July 13, 2008 |
There's a lot to be said for simplicity. Simplicity can mean focused and directed, but it can also mean lacking. Reaching a balance of features and complexity while maintaining clarity and simplicity is a difficult task for any mobile social platform developer. Though I feel like I'm beating a dead horse, I think the best mobile social platforms will be ones that aggregate the most popular computer-based platforms natively as full-time applications run over the data networks of mobile handsets.
As I tend to cover mobile platforms around these parts, I was intrigued when I was emailed about Bluepulse, a mobile social platform that functions in many ways like Friendfeed. Bluepulse is a social platform designed to be largely exclusive to handsets (with support for computers available), on which users can share media files, post status updates, send messages, and more of the same you're most likely used to by now.
So, if this is just another mobile social platform, what makes it stick out so much that I was compelled to raise it as a potentially highly-successful mobile social platform? First of all, Bluepulse is no SMS-based service, something that I appreciate greatly. SMS-based messaging is quickly becoming antiquated as a means of sending social messages, something that Facebook intends to make obsolete in the near future. I give marks automatically for mobile social platforms that run over data and eliminates the reliance on SMS-messaging.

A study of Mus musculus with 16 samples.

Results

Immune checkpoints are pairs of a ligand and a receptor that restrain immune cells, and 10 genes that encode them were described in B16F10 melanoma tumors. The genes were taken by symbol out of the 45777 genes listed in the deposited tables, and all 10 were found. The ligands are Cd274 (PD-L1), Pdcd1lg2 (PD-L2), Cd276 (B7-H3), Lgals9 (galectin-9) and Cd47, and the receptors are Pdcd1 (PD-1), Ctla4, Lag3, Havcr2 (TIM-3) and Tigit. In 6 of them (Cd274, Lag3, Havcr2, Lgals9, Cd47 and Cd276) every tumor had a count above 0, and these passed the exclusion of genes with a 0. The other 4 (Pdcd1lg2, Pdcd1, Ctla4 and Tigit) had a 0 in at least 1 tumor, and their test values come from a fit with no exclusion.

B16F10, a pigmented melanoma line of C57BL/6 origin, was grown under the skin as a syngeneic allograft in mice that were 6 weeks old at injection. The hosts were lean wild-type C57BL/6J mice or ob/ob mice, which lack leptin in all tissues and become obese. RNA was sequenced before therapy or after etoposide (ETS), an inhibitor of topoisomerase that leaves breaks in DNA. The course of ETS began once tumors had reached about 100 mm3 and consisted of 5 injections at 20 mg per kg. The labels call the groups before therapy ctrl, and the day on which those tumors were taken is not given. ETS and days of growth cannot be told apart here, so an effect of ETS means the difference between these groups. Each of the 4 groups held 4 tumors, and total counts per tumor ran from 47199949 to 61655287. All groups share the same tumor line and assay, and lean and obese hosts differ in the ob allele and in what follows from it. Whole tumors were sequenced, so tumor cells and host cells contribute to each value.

But Bluepulse isn't the first mobile social platform to do that either. The real selling point to me is the overall design simplicity and attractiveness. Aesthetically designed much like Twitter (with traces of Friendfeed), the program provides a steady stream of clear and concise updates from your friends. There's a lot that can be said for simplicity.
That isn't to say I'm sold. When visiting the website, there's only one page that discusses what the platform is capable of, with only one graphic of the platform in action. That tells me Bluepulse feels its strongest asset is a Twitter-like feed or that changes are being made to improve the platform from a rather lack-luster first showing. I would like to see exactly what I'm getting myself into before downloading any platforms, especially platforms that don't have well-established web presences like Twitter, Friendfeed, or Facebook.
However, my impressions (from the little I can see) is that the platform's simplicity and design elements could help it become a leader in a growing pack of mobile social platforms. It will be hard for any mobile-based social network with no well-established computer community to gain a following right now; however, in the very near future, I forsee many more users switching to mobile-based social networks with computer support. We're becoming a society that's constantly on the run — why lock yourself to a mouse and keyboard in your house with mobile support when you can have a mobile platform with at-home support? Don't forget — simplicity and functionality in balance is key.